AccuWeather: Record Warm Winter Costs Businesses Billions in Losses

Unseasonably warm winter weather cost businesses and event planners in the northern Plains and upper Midwest billions of dollars in estimated losses, according to estimates from AccuWeather.

Minnesota, North Dakota, Wisconsin, Michigan and Iowa experienced the warmest winter on record, while ice coverage and snowfall were far below historical averages. The total economic damage and loss caused by the warm winter weather in the region is roughly $8 billion, AccuWeather found.

“States from Michigan to Minnesota, North Dakota, and even parts of Illinois and Iowa depend heavily on tourism, especially in the winter months,” said AccuWeather chief meteorologist Jon Porter. “The lack of cold, snow, and ice in these areas was a significant hardship, leading to dozens of major outdoor events and traditions being significantly scaled down, or cancelled all together. This took a significant bite out of the economy in this region, with some businesses even shutting down early for the season.”

Accuweather uses independent methods to evaluate direct and indirect impacts of the weather, including both insured and uninsured losses.

Minnesota Governor Tim Walz last month urged local businesses in the state to apply for business assistance. Businesses can borrow borrow up to $2 million from the Economic Injury Disaster Loans through the Small Business Administration to cover their actual losses.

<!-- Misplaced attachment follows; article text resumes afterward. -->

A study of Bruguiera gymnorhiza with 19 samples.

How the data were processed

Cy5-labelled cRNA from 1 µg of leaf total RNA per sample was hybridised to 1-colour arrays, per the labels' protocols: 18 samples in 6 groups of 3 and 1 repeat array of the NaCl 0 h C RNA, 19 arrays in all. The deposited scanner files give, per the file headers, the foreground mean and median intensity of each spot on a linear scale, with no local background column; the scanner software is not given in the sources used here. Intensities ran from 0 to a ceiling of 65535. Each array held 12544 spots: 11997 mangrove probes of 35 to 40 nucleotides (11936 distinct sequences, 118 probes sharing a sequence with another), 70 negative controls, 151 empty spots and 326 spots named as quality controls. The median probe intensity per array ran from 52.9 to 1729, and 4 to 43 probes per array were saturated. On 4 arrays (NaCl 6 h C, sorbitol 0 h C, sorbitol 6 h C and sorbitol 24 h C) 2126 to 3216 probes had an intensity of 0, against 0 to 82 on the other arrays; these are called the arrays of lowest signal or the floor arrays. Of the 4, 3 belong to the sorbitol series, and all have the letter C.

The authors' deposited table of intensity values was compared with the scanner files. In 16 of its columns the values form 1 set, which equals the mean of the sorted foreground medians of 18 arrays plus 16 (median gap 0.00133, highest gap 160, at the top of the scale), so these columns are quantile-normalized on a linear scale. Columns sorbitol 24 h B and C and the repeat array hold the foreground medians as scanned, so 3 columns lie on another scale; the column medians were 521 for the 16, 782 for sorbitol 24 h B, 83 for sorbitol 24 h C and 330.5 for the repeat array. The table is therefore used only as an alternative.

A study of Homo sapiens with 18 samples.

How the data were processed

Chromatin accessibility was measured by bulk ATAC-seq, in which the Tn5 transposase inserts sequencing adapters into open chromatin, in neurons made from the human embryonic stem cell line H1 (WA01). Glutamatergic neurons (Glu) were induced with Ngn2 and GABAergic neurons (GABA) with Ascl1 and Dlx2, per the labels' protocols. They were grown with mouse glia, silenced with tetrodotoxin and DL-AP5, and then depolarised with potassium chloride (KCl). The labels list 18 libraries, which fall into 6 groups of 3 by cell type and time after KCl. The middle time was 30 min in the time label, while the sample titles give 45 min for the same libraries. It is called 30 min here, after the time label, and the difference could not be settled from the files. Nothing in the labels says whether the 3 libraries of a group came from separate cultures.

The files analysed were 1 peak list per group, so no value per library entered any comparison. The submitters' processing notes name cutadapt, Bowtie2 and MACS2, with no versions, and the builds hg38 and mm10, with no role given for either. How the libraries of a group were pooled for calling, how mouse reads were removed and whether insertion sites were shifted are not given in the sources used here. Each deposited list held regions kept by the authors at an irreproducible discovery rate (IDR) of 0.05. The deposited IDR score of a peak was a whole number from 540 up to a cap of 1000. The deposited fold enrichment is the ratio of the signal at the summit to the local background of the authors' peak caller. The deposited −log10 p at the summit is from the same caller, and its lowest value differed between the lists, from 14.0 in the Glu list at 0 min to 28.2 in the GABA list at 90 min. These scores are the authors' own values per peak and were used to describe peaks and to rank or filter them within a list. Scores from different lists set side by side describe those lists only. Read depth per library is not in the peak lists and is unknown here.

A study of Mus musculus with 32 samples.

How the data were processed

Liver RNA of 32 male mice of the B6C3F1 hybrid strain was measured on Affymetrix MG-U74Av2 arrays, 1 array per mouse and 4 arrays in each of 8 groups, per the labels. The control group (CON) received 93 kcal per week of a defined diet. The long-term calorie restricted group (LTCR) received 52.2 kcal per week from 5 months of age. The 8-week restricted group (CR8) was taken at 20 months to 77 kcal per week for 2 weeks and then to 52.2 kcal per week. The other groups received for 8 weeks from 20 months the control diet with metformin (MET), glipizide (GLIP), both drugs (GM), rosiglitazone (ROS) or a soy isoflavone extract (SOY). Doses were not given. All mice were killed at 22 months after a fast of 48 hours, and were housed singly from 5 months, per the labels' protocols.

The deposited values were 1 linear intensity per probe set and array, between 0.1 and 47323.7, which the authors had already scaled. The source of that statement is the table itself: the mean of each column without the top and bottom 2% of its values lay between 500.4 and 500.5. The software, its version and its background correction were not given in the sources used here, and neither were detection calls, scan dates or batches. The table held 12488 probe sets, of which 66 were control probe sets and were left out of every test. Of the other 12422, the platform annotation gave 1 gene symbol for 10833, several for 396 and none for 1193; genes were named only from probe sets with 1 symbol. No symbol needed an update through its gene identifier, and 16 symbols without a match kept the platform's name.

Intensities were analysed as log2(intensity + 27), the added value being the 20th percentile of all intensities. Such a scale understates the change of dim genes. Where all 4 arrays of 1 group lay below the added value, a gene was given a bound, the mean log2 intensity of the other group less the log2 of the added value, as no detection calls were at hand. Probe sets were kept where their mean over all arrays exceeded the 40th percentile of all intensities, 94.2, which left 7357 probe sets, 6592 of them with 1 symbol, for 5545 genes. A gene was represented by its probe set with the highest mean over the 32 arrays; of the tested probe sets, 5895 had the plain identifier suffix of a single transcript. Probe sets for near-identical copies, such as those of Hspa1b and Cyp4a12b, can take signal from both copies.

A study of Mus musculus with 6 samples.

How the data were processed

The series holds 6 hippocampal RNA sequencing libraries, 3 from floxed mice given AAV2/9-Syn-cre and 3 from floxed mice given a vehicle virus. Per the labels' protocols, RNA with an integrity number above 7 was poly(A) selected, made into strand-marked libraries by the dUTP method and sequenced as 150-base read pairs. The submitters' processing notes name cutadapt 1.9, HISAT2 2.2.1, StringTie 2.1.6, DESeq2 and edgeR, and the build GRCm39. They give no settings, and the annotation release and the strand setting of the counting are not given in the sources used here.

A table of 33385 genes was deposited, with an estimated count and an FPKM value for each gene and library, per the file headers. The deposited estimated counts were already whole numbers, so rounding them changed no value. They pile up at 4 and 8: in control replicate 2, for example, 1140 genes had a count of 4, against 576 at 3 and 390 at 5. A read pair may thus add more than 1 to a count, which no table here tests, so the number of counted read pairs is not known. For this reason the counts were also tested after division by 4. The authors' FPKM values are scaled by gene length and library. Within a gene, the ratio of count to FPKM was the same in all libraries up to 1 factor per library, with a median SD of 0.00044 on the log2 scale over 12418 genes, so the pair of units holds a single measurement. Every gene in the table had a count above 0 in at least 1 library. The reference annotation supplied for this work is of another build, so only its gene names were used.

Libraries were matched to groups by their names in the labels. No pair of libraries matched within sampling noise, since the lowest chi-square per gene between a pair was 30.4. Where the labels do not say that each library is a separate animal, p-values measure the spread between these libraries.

“From skiing and snowshoeing to winter festivals, snowy winters are part of our way of life in Minnesota. The low precipitation we’ve experienced this winter has had a real economic impact on small businesses that rely on snow and winter tourism to grow and survive,” said Walz.

Wisconsin Senator Tammy Baldwin called this year’s lack of snowfall a “major blow” to many Wisconsin businesses.

Winter temperatures have steadily risen across the lower 48 states since the start of the 20th century, nowhere more so than the northern Plains and upper Midwest.

“On average, there has been a five-to-20-day reduction in the number of ‘extreme cold days’ in the upper Midwest and northern Plains, compared to historic average back in the late 1940’s,” said AccuWeather senior meteorologist Brett Anderson. “The snow-to-precipitation ratio in this region has also decreased slightly. The gap between storms with all snow, compared to storms with rain, sleet, ice, or a wintry mix with snow, has narrowed by about five percent.”

A strong El Niño this winter likely contributed to less snowfall because the pattern often results in a primary storm track that bypasses the region, Anderson said.

A switch to the La Niña pattern later this year will bring a greater likelihood colder temperatures and snowier conditions to the northern Plains and upper Midwest next winter, Anderson said.